Movie-Theater Etiquette: Should You Clean Up After Yourself?




Posted by Johnny Mercedes Categories: New Releases

PopcornSoda

I see a lot of movies, and, if I can afford it, I’ll occasionally stop at the concessions counter for my $4 soda and $6 popped corn kernels.

In an aside, I should mention that if the current shortage of edible corn becomes reason for theaters to raise prices, I’ll spit in someone’s eye!

My inclination over the years has been to take my drink and snack into the theater, watch, eat, drink and pick up my garbage on my way out. It’s easy enough to pick up after myself, and, well, it’s my mess, right? And I used to heavily deride those that left their garbage everywhere.

However, in talking with others lately, including a former theater usher who sided with the messy people, I’ve come to understand that this practice isn’t only for—pardon my candor—jerks. Many of these garbage-scattering moviegoers have considered the morality of such an act and decided they are under no obligation to dispose of said waste. Surprisingly, their reasoning seems sound.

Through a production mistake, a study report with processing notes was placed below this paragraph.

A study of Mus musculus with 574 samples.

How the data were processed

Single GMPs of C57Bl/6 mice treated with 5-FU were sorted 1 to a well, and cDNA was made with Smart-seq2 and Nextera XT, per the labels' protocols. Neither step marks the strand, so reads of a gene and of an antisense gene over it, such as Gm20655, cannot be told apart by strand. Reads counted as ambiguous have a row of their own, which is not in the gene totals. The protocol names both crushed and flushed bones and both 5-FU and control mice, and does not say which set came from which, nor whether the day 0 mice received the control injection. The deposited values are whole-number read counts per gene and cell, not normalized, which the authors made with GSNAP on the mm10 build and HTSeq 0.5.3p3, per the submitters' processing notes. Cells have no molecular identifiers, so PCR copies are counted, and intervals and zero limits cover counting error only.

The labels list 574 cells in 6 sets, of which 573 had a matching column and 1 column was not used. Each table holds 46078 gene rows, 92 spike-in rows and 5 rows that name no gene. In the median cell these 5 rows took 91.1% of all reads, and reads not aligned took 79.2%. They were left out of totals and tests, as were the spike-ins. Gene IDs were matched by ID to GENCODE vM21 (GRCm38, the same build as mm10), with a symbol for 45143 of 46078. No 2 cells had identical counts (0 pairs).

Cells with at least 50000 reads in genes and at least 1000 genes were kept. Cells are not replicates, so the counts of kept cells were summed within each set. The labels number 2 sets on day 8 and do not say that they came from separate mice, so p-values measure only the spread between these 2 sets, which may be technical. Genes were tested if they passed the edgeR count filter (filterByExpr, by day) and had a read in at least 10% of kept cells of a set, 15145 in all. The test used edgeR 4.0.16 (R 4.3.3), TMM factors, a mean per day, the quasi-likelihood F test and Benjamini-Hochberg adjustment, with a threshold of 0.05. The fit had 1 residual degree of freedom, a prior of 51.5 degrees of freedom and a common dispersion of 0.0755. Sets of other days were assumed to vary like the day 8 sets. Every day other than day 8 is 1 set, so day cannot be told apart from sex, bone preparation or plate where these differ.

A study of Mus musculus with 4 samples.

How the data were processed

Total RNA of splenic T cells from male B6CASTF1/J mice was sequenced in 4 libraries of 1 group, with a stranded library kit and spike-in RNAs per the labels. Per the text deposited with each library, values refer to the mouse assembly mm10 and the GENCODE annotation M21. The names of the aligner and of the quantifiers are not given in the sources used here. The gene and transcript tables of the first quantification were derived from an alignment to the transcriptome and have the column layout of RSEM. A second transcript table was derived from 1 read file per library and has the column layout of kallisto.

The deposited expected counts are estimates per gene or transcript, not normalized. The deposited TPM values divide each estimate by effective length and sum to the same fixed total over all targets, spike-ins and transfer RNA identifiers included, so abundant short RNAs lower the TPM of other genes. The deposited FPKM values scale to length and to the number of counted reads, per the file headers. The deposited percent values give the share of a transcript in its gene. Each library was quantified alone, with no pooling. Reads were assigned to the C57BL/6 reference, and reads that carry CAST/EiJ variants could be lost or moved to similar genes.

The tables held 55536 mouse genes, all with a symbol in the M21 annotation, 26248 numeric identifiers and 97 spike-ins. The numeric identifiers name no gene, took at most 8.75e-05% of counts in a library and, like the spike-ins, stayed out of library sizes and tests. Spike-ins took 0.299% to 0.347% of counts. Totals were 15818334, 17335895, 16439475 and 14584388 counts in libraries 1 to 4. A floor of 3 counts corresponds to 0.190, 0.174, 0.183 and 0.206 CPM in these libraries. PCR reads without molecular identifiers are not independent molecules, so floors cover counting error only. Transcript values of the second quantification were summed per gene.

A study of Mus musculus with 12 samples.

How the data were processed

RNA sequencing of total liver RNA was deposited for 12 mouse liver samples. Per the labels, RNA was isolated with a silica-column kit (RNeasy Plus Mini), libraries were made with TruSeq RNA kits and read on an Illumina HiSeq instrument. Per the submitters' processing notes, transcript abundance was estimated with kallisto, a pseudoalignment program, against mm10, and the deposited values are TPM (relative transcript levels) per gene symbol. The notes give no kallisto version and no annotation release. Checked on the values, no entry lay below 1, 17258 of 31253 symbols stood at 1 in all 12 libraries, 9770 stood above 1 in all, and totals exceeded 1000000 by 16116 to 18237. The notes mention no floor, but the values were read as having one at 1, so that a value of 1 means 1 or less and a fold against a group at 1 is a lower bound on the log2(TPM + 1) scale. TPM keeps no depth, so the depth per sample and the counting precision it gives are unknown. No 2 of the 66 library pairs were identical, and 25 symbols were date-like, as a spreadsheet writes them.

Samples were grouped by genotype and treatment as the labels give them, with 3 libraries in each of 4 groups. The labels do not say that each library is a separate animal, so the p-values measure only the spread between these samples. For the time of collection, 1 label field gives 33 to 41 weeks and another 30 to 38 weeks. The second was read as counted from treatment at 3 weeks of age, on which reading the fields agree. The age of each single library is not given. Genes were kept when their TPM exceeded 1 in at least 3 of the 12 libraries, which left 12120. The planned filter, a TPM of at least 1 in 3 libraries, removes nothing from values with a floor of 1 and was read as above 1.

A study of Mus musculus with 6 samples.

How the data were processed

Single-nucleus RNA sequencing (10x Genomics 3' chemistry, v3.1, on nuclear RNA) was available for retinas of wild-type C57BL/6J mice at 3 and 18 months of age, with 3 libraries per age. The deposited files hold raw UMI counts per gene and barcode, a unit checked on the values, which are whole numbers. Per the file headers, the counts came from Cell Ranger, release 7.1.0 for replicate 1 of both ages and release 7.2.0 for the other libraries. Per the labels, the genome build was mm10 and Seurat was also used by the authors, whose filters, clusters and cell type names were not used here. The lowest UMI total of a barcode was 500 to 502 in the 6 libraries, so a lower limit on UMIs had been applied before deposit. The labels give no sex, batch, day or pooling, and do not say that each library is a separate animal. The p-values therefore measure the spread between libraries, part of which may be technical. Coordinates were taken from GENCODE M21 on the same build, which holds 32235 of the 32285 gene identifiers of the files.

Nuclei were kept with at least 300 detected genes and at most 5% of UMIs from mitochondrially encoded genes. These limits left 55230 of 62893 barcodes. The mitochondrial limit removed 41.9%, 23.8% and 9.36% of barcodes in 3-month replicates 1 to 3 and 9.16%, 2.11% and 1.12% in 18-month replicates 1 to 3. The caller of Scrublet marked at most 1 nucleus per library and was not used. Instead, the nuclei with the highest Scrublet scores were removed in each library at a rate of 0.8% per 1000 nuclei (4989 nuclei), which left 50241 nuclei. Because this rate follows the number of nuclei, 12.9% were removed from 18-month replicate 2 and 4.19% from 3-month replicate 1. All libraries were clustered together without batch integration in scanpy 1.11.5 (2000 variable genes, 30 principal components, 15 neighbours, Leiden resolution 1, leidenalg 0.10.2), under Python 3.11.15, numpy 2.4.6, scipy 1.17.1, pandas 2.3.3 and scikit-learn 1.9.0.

A movie ticket can cost upwards of $10 nowadays, and part of that price, along with concessions, is meant to pay for theater employees and the time they spend cleaning up after us. My friend Andru compared the phenomenon to that of a restaurant: you go in, sit down, make a mess and leave gleefully because your bill and tip has paid for your mess. And he’s right, to a point.

Though the restaurant simile is relevant, it can’t possibly encompass all the variables. Waitpersons are usually paid minimum wage by their employer, which means that most of your bill in a restaurant applies to food and beverage costs, and other costs of operation. Your server is working for tips and those tips fluctuate based on level of service and maybe even the amount of cleanup left for them, such as when your child spilled apple juice and syrup on the carpet, and threw his or her half-chewed pancake bits against the wall.

Am I being pedantic? Oh, definitely. As I said, I’ve spent years cleaning up after myself (Thanks, Mom!) in movie theaters, and when people posit a different line of reasoning, I consider it. For me, the garbage isn’t just out of kindness to the ushers: it gets in people’s way as they tiptoe down the aisle during the credits; half-consumed sodas are inevitably kicked over, leaving a sticky residue for the next audience member; and less trash can mean a faster turnover for the following film.

Where do you stand on the issue? Do you buy concessions intending to leave them behind? Do you plan to clean up but forget in the hustle and bustle of the crowd? Do you always clean up your garbage without fail? Why or why not?